Bus passenger was trying to cross using her sister’s documents: CBP
U.S. officials say officers at the Pacific Highway port intercepted a woman trying to cross on Nov. 26, 2021 using her sister’s U.S. passport and COVID-19 vaccination card. (File photo)

U.S. border officials are crediting facial-recognition technology with stopping an impostor from entering their country through the Pacific Highway border in South Surrey.

According to a news release issued Friday (Dec. 3), officers using ‘Simplified Arrival’ – a touchless arrival process which compares facial biometrics on documents required for entry into the U.S. – identified a “facial mismatch” while processing a female bus passenger on Nov. 26.

The woman admitted to using her sister’s U.S. passport and COVID-19 vaccination card, “because she had not been vaccinated,” the release states.

“The addition of facial biometric technology and the vigilance of our CBP officers prevented the entry of someone suspected of fraudulently using another individual’s passport and COVID-19 vaccination card to cross international borders,” Brian J. Humphrey, U.S. Customs and Border Protection’s Seattle director of field operations, said in the release.

The biometric facial-comparison process occurs only at a time and place where travellers are already required by law to verify their identity by presenting a travel document, the release continues.

The Canada Border Services Agency began using it for NEXUS passengers at the Vancouver International Airport in November 2019, stating the system “better aligns with global trends for border processing.”

READ MORE: Facial scans kick in for NEXUS passengers at YVR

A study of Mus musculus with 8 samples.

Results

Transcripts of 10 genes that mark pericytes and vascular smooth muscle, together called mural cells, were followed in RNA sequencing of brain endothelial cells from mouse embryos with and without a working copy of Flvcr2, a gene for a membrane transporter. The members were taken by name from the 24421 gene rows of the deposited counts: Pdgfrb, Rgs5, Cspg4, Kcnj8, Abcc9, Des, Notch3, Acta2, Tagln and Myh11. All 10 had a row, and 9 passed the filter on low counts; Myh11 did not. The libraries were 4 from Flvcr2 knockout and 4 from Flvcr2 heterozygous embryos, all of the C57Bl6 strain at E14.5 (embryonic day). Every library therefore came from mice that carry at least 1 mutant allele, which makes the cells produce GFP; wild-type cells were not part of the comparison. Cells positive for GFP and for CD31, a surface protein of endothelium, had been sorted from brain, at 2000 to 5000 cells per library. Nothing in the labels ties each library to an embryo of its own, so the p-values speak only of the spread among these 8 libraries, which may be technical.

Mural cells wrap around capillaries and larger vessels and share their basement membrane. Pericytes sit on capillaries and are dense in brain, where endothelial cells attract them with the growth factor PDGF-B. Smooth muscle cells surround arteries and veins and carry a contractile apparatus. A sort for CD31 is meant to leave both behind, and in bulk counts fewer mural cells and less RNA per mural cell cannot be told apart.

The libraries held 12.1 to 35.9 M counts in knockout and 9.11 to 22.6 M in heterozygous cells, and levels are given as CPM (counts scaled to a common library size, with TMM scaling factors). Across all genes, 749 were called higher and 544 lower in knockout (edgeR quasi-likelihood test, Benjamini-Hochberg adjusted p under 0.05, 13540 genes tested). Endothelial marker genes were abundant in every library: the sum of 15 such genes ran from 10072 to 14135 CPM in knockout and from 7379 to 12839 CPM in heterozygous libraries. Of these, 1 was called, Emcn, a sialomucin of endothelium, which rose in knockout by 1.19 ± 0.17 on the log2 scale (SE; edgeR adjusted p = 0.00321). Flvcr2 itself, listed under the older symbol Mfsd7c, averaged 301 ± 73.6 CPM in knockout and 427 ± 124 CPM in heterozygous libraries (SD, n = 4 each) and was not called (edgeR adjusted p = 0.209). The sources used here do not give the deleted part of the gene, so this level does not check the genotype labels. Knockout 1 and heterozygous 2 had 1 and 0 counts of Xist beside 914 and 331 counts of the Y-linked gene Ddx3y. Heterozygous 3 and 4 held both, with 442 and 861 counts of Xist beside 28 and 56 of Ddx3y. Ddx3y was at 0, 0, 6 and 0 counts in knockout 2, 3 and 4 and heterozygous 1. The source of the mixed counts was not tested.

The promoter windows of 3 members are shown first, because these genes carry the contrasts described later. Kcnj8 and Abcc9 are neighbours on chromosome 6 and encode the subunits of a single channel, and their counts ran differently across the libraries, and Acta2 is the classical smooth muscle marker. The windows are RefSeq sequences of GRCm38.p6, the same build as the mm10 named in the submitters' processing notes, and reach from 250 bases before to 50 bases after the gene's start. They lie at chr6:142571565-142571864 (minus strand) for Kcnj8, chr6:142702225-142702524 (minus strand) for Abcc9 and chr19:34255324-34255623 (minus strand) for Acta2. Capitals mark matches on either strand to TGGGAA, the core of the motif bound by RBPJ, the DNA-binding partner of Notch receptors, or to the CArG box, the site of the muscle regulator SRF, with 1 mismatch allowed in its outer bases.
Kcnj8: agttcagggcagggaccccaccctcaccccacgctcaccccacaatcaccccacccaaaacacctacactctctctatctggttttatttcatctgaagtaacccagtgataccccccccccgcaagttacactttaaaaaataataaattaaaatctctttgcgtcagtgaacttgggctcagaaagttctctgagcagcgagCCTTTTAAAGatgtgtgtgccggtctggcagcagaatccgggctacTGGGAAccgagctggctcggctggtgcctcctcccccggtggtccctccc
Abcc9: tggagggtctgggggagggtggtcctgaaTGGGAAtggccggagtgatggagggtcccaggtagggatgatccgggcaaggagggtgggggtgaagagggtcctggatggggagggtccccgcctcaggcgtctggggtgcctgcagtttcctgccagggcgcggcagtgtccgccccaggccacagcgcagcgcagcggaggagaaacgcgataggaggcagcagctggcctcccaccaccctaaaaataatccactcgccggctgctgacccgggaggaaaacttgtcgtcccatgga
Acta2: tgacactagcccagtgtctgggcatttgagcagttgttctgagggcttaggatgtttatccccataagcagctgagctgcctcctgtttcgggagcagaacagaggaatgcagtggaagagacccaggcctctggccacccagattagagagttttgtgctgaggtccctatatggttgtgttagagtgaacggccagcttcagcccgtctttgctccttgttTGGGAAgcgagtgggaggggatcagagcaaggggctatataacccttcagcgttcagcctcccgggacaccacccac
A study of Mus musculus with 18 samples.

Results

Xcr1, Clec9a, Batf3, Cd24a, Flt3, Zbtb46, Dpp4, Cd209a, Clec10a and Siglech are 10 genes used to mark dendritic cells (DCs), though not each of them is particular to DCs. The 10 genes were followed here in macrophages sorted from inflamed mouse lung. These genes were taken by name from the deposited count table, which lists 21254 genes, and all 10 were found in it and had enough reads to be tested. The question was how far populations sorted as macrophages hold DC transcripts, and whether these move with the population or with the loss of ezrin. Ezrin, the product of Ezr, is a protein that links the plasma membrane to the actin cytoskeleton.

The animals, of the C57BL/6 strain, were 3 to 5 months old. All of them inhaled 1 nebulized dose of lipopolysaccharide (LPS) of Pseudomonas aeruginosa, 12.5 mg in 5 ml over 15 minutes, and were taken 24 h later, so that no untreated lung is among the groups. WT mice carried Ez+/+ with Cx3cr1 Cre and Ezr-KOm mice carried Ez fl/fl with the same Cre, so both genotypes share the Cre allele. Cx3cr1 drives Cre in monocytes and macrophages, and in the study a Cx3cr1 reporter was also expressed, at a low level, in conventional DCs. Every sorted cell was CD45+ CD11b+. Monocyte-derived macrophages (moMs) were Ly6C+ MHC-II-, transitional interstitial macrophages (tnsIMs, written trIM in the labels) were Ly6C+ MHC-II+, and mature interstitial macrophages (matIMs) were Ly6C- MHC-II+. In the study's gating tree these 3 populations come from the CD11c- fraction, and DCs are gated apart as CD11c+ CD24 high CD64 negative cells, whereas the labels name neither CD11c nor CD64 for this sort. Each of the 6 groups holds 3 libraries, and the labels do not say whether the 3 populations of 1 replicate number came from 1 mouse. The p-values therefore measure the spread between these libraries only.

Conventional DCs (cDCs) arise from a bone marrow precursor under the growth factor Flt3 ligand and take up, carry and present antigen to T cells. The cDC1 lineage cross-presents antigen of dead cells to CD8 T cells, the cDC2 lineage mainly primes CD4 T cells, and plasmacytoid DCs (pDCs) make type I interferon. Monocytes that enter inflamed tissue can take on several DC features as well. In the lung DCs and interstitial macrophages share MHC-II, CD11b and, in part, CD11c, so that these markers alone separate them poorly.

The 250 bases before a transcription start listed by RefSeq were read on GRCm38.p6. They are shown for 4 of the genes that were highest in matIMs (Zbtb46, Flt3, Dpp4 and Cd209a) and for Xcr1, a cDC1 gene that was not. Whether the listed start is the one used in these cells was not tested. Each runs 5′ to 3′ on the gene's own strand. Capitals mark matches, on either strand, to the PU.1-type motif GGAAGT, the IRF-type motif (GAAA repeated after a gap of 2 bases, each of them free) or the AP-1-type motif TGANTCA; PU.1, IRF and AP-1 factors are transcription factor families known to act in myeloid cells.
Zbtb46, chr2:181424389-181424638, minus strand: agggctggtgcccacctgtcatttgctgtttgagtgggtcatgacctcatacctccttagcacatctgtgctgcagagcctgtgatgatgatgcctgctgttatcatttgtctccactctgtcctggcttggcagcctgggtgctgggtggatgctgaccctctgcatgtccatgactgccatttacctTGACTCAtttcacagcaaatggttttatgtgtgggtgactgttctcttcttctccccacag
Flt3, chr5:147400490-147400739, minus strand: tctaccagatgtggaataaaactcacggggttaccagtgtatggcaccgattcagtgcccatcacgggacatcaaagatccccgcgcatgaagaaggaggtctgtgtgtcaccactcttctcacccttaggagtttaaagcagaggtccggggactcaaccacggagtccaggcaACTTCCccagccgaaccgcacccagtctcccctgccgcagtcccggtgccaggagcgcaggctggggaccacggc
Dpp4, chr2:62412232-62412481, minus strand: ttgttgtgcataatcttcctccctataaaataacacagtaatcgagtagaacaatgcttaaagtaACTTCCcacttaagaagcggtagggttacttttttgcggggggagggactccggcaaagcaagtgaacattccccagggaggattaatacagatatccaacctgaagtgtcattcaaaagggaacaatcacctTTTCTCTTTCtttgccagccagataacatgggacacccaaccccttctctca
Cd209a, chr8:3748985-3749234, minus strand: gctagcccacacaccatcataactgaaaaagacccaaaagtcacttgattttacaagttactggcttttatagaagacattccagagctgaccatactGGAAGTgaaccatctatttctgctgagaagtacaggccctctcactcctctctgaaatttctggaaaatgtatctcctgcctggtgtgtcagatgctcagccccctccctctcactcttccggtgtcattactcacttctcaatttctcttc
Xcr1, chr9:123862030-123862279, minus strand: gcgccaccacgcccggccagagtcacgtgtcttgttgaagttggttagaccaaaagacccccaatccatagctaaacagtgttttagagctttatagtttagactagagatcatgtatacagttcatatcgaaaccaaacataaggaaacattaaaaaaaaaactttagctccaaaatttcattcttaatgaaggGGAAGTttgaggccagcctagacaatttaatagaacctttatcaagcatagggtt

In the CBP release, it explains that when a traveller arrives at one of the pedestrian lanes or undergoes I-94 processing at the border, he or she will pause for a photo at the primary inspection point. An officer will then “review and query the travel document, which will retrieve the traveler’s passport or visa photo from government holdings and compare it to the new photo.”

The process “only takes a few seconds and is more than 98 percent accurate,” according to the release.

“In addition, foreign travelers who have travelled to the United States previously may no longer need to provide fingerprints, as their identity will be confirmed through the touchless facial biometric process.”

The release notes that as part of security safeguards, the CBP limits the amount of personally identifiable information used in the process. As well, new photo comparisons of U.S. citizens are deleted within 12 hours.

Photo comparisons of most foreign nationals will be stored in a secure U.S. Department of Homeland Security system, the release adds.

U.S. travellers and foreign nationals who are not required to provide biometrics and wish to opt out of the new biometric process may notify a CBP officer as they approach the primary inspection point, the release continues. These travellers will be required to present a valid travel document for inspection by a CBP officer and will be processed consistent with established processes for crossing into the States.

To date, more than 113 million travelers have participated in the biometric facial comparison process at air, land, and seaports of entry. Since September 2018, CBP has leveraged facial biometrics to prevent more than 1,100 impostors from illegally entering the United States by using genuine travel documents that were issued to other people.

About the Author: Tracy Holmes

Tracy Holmes has been a reporter with Peace Arch News since 1997.